Does Your Kitchen Need a Trash Compactor?

Published: 03rd August 2012

When considering a trash compactor, there are two basic models. You can choose from a freestanding unit or a model that installs right under your kitchen counter. The functionality of both models is basically the same. So the choice can be based on your personal style and taste.

If remodeling you kitchen isn't currently an option, a freestanding model that stays in the garage might be a good choice for you. Freestanding models have a finished top and can be used for additional counter space.

Under-the-counter models can be installed right between your cabinets and under your existing (or newly replaced) kitchen counter. Trim kits are available to give you that finished built-in look. Convertible models are available that will work either as freestanding or under-the-counter.

Trash compactors are appliances that compact household, usually kitchen waste thus reducing the overall amount of trash.

The power and size of the trash compactor will dictate the ratio of how much trash you can compact. Generally they work to reduce four bags of trash to one, or in some cases six bags of trash to one.

But keep in mind that just because they're smaller bags, they still weigh the same. So six bags of compacted trash will be considerably heavier than one bag of non-compacted trash, sometimes weighing as much as fifty pounds.

While the concept of a trash compactor does allow you to take out the trash less frequently, keep in mind that over an extended period of time, you're going to have odor problems.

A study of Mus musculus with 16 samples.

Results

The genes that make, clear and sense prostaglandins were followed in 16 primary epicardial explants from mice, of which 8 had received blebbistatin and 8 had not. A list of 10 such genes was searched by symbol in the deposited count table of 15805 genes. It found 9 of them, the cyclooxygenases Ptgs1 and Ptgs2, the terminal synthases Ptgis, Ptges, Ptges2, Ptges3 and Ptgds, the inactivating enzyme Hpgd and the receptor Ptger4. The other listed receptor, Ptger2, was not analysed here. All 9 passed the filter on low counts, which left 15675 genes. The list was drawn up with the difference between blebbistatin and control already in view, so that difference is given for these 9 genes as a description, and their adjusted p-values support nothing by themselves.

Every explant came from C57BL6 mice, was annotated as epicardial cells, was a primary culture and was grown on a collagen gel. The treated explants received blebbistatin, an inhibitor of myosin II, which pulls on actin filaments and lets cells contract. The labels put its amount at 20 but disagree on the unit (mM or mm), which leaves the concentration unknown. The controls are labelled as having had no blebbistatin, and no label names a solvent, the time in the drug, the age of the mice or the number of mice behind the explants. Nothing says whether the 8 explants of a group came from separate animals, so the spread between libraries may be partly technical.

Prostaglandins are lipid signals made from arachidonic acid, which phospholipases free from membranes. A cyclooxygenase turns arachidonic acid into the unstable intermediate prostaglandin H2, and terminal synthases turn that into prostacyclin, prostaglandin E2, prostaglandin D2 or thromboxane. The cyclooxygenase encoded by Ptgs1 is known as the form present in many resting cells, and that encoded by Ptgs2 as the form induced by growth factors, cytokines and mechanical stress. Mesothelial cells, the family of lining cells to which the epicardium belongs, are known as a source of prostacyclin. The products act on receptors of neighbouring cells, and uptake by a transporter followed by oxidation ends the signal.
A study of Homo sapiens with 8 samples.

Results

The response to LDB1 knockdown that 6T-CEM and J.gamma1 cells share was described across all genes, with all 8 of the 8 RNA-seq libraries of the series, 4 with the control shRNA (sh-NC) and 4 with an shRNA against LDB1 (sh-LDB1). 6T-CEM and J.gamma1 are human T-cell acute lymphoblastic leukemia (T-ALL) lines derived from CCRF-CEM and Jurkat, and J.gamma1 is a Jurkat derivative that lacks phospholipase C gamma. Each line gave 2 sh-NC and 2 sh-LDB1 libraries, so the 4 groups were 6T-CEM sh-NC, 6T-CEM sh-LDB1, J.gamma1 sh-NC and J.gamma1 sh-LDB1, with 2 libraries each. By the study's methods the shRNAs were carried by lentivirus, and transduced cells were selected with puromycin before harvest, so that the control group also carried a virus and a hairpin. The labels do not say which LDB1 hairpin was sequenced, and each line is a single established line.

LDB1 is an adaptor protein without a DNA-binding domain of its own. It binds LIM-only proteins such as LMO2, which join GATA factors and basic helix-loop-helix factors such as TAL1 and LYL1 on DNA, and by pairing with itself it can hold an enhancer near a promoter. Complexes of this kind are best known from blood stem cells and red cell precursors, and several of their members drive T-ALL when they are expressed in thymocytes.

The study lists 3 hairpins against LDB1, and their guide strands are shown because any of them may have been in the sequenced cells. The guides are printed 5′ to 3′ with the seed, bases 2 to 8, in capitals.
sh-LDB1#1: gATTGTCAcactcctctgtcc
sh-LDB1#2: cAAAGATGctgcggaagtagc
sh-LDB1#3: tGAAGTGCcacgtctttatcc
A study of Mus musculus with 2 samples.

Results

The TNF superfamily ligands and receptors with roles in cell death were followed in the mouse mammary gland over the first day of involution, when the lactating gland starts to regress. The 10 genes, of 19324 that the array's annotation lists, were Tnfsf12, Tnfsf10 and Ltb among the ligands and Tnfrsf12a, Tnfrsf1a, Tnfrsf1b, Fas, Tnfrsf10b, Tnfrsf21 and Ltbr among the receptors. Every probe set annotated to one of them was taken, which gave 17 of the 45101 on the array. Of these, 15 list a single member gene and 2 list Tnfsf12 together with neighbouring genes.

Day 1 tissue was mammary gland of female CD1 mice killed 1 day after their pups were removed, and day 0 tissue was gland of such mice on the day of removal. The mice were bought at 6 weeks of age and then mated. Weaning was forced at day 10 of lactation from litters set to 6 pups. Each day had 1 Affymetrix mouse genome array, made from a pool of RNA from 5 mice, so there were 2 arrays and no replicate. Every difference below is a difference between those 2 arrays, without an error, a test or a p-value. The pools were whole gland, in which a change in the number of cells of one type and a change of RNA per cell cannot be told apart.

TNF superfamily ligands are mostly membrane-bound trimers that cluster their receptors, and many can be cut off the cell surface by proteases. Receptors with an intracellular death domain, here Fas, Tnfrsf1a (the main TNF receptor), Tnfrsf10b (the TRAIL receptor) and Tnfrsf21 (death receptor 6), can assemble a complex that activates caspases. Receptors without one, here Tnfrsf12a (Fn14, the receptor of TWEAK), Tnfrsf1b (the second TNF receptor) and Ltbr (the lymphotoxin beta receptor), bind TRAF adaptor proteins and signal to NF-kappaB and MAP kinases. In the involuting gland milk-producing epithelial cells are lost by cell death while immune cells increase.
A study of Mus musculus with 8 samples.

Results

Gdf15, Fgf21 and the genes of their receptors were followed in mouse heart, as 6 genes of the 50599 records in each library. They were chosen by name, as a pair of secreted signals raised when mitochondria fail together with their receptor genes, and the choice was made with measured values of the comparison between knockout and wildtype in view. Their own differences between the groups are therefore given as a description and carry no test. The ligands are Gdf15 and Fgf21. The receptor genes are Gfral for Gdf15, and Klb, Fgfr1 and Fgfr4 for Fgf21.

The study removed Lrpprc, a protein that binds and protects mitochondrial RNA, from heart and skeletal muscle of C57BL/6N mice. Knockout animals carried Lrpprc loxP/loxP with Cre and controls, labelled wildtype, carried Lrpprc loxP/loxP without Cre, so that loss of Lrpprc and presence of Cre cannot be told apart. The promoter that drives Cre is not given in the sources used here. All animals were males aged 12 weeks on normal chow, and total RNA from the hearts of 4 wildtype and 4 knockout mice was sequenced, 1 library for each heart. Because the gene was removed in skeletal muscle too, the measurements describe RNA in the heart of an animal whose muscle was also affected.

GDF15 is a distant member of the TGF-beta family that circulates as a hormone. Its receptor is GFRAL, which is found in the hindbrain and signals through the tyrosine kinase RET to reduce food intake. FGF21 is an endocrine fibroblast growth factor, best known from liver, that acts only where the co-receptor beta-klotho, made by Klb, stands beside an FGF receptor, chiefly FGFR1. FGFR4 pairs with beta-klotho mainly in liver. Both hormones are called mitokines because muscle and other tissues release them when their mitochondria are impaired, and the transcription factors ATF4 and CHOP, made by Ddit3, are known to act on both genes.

You should be recycling your glass and cans, but if you insist on tossing them, you'll need a larger motor and a more rugged unit to handle those items.

Features available on trash compactors include anti-jam features, odor management and features that make it easier to open and remove a compacted bag. There are also sound dampening packages available, but you're not going to completely eliminate the noise factor.

For best results use the properly-sized compactor bags that are specifically designed for you unit.

Here are some basic safety tips for using your trash compactor.

Never place any of these into the trash compactor: poisonous chemicals, flammable chemicals or explosive chemicals. It would seem like these instructions are obvious, but we're not always thinking when we're tossing out the trash. And never try to compact paint cans or aerosols.

Keep small children away from the trash compactor. The compactor will have a crushing force that ranges from 2,000 to 5,000 lbs. Anything, including toys or the family cat, will be completely crushed when compressed. The compactor is not a toy.

When cleaning the trash compactor always wear gloves. That's just a safety and health precaution. You've discarded food and trash and it's a prime place for bacteria to grow. Make sure you unplug the unit before you clean it. Always follow the manufacturer's instructions to remove the bag and bin. Clean the inside and outside with warm soapy water. And don't forget to replace the air freshener or charcoal filter as recommended.


Lawrence Reaves writes for Hamilton Beach a kitchen appliance company that offers a wide selection of kitchen appliances. For more information on kitchen appliances visit this site.